Well, the blogosphere is heaving today – and mostly with relief, it seems (but that could just be my partisan reading habits coming into play). Whichever way you voted, though, congratulations; the US is the biggest democracy on the face of the planet, and it’s great to see that the system can work the way it is supposed to. Now, if you can just make it plain to the people who decide such things that e-voting is not a mature enough technology to handle such an important process, you’ll be doing the whole planet another big favour.
4 thoughts on “Paper Is A Mature Technology”
Um, isn’t India the biggest democracy on the planet?
Maybe he meant by land-mass, not population? GDP? Ego? We are “bigger” in so many categories…
Anyway, I totally agree that electronic voting is not a “mature” enough technology to be trusted with our democracy, and I’m glad to see someone raising the issue. Hanging chads may be a pain in the butt, but anyone can count them. When only a fraction of a percent of our population understands the machines that tell us who will lead our country, we have a problem. I would support laws outlawing the use of electronic voting. Keep It Simple, Stupid.
OK, so ‘biggest’ was an inaccurate word for a nebulous concept – what I meant was a sort of mash-up of ‘most powerful/influential/visible’, with a side serving of ‘most instantly associated with the word democracy’ … after a few attempts at trying to batter that into a sentence, I just went with ‘biggest’ because it was easier. My bad. 🙂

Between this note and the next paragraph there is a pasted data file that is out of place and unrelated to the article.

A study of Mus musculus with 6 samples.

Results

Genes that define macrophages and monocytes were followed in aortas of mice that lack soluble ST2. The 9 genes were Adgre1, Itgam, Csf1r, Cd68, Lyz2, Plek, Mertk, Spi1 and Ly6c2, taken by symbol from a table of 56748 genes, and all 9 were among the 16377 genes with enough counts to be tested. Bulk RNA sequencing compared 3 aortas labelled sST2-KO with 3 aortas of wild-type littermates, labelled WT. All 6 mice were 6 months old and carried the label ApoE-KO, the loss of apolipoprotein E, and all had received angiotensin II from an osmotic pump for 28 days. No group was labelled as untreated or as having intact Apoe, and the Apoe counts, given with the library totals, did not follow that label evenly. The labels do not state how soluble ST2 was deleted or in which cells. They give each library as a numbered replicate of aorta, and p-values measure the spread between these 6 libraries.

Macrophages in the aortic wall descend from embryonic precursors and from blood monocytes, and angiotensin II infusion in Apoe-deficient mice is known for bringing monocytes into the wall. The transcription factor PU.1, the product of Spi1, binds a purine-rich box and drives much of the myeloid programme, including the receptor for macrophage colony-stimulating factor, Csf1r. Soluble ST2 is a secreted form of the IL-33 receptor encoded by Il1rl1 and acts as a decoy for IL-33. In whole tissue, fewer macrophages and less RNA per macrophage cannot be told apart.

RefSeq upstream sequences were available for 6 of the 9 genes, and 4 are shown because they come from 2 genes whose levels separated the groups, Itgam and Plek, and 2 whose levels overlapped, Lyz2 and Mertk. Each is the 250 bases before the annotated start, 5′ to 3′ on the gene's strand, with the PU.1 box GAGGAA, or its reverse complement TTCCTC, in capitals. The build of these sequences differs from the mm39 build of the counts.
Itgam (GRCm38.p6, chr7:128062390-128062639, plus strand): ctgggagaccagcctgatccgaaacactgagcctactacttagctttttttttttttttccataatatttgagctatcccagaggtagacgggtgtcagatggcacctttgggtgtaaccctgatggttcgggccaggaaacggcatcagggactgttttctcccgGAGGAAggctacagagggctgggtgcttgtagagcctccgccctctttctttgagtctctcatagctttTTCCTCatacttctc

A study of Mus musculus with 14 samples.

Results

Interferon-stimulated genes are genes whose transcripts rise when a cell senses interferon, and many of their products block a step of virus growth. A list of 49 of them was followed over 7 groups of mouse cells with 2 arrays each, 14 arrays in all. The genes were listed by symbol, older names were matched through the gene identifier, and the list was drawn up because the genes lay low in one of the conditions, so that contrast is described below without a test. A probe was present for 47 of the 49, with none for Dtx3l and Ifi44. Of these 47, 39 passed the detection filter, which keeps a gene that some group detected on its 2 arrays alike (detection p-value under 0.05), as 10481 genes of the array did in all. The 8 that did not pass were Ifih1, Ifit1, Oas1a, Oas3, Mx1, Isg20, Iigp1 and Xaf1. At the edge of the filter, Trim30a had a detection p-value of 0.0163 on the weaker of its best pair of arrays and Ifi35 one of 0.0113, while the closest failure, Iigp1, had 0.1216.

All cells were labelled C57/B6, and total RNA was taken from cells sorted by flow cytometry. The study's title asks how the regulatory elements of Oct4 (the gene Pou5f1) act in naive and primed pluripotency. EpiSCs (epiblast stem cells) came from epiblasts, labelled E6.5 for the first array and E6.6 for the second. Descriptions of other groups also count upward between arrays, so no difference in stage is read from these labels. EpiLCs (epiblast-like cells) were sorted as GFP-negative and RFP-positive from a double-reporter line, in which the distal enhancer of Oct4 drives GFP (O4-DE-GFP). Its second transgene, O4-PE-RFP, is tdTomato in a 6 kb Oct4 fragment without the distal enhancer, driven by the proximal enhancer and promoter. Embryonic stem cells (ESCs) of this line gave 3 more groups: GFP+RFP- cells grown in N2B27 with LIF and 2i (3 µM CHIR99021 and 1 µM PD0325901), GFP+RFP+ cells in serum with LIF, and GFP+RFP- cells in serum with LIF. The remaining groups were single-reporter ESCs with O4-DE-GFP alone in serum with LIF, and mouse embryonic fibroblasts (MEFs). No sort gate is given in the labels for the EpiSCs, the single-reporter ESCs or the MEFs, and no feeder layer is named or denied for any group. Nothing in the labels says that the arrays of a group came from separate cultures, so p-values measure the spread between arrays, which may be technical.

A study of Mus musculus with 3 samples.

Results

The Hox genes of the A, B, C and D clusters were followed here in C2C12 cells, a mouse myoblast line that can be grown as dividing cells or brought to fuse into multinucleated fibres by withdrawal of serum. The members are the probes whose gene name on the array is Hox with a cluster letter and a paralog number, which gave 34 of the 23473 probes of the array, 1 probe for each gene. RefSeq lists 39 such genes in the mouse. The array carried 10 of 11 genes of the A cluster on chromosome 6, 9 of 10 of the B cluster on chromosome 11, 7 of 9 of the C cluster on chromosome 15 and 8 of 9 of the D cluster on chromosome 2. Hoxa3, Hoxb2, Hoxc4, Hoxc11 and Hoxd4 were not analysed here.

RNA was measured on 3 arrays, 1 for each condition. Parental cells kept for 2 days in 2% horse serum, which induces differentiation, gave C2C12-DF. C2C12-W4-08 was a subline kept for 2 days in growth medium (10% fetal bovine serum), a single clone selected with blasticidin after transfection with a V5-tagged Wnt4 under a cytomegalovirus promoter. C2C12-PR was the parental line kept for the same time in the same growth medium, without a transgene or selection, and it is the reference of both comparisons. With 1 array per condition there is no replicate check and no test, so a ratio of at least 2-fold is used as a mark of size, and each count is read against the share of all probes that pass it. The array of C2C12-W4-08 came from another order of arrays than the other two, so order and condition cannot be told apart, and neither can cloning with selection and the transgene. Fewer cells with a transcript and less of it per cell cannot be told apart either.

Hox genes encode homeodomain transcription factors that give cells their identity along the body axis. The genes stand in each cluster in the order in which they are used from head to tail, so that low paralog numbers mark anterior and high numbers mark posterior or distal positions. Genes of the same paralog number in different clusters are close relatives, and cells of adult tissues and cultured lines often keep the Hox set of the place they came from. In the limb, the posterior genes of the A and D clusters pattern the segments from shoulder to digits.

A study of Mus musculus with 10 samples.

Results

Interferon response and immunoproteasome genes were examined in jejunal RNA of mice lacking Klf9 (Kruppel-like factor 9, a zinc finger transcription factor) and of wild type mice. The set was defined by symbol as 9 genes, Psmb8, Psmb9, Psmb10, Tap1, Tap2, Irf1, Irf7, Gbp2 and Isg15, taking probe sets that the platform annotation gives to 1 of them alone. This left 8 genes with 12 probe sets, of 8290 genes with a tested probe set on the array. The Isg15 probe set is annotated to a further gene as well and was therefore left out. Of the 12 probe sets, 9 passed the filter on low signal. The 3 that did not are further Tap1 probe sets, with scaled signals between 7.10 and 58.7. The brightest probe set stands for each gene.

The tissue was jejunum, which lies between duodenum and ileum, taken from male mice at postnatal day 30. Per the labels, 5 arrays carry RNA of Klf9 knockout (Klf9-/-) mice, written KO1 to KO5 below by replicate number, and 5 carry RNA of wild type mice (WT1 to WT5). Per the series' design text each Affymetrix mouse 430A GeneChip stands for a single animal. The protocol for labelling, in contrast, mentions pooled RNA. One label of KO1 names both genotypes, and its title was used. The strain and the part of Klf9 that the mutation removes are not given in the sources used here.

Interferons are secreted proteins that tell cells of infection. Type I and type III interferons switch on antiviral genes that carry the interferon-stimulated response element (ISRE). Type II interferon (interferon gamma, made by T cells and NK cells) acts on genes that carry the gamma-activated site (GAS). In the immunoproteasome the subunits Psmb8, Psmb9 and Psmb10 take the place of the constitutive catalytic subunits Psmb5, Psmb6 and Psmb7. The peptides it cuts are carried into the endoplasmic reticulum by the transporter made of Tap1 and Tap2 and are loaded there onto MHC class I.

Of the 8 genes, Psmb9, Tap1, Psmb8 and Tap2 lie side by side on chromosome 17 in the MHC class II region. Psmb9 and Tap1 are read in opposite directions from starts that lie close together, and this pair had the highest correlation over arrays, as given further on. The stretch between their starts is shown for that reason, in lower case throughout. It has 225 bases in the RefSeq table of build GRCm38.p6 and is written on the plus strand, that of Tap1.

Looking at preliminary rumblings out there in the ‘sphere, I think we’re going to hear a lot more about voting machines in the next few weeks …
I was a precinct inspector at one of Santa Clara county’s polling places last Tuesday (which is why you saw no posts from me that day — that 4:30am to 10:30pm work day really knocks you for a loop). Santa Clara uses Sequoia touch screen machines, so I’ve got some first hand experience with them. Beginning with the last election, all the machines have an attached (and sealed) printer that provides a paper record of all the votes cast on that machine.
First the good: touch screen machines have the potential to be easier for voters, especially elderly voters, to use. They also make it significantly easier for the Registrar of Voters’ office to count the votes. Easier means more accurate (assuming the machines are properly secured), because the truth is humans aren’t very good at doing tedious, repetitive tasks consistently and accurately. Computers are great at it.
Now the bad: the user interface on these machines is, in a word, Godawful. I’m pretty sure there was no real usability research done when these machines were designed. Stupid, obvious usability errors are rife. As a result, instead of being easier to use than paper, they’re harder. I spent most of my time answering usability questions from users, and keep in mind this is the heart of the Silicon Valley, amidst a population steeped in microelectronics.
Second, paper doesn’t break. At about 8:30am, one of the five machines in my precinct stopped accepting smart cards. At about 8:40, a second stopped working. By 9, I was down to 1 working machine. Luckily my field inspector had a spare card activator, which proved to be the source of the problem. But if the problem hadn’t been resolved as quickly as it was, I would have had voters leaving to go to work — that problem wouldn’t exist with paper.
I think your headline is spot on: paper is a mature technology, electronic voting isn’t. I don’t think we should write off electronic voting altogether, though, just mature it and make it bullet proof.